CEMA recently released the 2002 CEMA sponsorship packages, which provide industry associates with yearlongopportunities. CEMA encourages interested associates to consider the following CEMA statistics:
Of event managers polled in the 2001 CEMA Industry Survey:
73 percent plan or are responsible for more than 11 events each year.
78 percent are directly responsible for an annual event budget of $1 million or more.
47 percent are responsible for international events.
46 percent have been involved in the IT Event Industry for more than 11 years.
For a complete list of packages available, please visit the CEMA Web site at www.cemaonline.com.
EVENT CALENDAR SPOTLIGHT
Summit Keynoters Announced
The CEMA Summit committee recently announced the line-up of keynote speakers for the 2002 annual conference. Guy Kawasaki, president, Garage Technology Ventures; Corbin Ball, CMP; and accomplished rock climber Todd Skinner will address the CEMA membership when it convenes August 4 to 7 at Loews Coronado Bay Resort, Coronado Bay, Calif.
The Summit theme, Tools for the Times, will focus on how IT event marketing professionals must adapt to an industry that has experienced tremendous change because of a tough economic climate, travel restrictions, and other challenges.
There are many tangible benefits to joining an association: the Web site, newsletter, annual meeting, and the membership directory to name a few. What about the intangible benefits? Membership in CEMA can enhance professional growth, career development and training, access to information, and industry representation. CEMA helps its members manage strategic challenges within the confines of today's shrinking budgets and staff reductions. So keep in mind the intangible benefits of CEMA membership and remember what Theodore Roosevelt said almost 100 years ago, “Every man owes part of his time and money to the business or industry to which he is engaged. No man has a moral right to withhold his support from an organization that is striving to improve conditions within his sphere.”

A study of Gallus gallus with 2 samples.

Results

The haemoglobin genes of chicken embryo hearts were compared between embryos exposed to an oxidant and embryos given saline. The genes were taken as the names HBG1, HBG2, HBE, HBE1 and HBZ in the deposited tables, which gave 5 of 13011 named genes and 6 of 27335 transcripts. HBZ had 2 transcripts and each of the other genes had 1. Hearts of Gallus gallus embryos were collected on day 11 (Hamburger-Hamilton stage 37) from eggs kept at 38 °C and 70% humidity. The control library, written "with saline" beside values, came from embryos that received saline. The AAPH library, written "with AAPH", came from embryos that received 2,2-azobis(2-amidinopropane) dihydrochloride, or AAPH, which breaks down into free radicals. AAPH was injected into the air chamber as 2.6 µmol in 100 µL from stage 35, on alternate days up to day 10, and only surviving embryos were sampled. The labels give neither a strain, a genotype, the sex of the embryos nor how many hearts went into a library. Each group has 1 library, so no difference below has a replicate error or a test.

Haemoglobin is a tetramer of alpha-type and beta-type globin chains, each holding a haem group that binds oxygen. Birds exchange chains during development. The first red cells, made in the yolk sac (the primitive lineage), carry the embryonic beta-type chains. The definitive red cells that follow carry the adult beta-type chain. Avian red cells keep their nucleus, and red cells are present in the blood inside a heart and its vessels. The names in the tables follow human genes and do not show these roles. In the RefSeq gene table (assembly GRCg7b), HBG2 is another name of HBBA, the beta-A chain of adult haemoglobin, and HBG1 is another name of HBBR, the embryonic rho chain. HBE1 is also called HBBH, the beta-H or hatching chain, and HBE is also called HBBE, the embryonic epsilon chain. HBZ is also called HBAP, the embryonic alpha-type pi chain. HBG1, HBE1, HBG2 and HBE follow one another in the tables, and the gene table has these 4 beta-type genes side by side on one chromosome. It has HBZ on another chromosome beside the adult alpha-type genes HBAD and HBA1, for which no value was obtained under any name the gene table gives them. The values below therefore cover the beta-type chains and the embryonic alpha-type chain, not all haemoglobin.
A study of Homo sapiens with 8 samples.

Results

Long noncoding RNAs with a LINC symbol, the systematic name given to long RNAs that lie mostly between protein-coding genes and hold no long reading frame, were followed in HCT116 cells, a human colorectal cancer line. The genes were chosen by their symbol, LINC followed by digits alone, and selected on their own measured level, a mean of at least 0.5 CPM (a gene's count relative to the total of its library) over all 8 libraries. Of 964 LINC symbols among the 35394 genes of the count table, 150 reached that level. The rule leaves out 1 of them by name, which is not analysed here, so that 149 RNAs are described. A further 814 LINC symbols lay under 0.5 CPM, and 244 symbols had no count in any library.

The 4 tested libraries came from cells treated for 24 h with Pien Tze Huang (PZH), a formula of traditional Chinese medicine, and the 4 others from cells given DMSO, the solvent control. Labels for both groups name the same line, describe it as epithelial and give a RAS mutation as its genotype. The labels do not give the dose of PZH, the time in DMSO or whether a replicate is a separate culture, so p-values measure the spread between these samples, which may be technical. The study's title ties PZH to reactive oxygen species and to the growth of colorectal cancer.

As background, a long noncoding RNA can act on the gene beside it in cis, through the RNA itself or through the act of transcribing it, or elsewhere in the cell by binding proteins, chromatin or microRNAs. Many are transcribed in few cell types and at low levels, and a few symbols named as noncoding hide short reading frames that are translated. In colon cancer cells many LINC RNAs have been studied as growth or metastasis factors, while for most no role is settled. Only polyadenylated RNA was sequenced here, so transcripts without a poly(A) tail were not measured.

AGENT OF CHANGE
CEMA Fights Exclusives
The Computer Event Marketing Association Board of Directors recently issued a statement against IDG World Expo Corp.'s decision toan exclusive I&D (installation and dismantling) labor provider at its shows. CEMA has issued a call to action to its members and urges IT event managers around the country to give their input to IDG World Expo representatives. CEMA's primary concerns are as follows:
IDG World Expo's move could encourage others to do the same, potentially causing adverse effects to the industry at large, including a monopolistic labor model and possibly higher costs.
IDG World Expo Corp. has not provided substantial data to support its claim that this repositioning is exhibitor-driven.
Assumptions regarding exhibitors' abilities to make educated labor choices are not proven and are perceived by CEMA's board as somewhat demeaning.
A clear understanding of the typical exhibitor-appointed contractor process was not adequately demonstrated by IDG World Expo Corp., and statements made about EAC markups were conjecture.
Although an increase to IDG World Expo Corp.'s revenue stream is anticipated, enhanced service and lower pricing benefits to the exhibitor are debatable.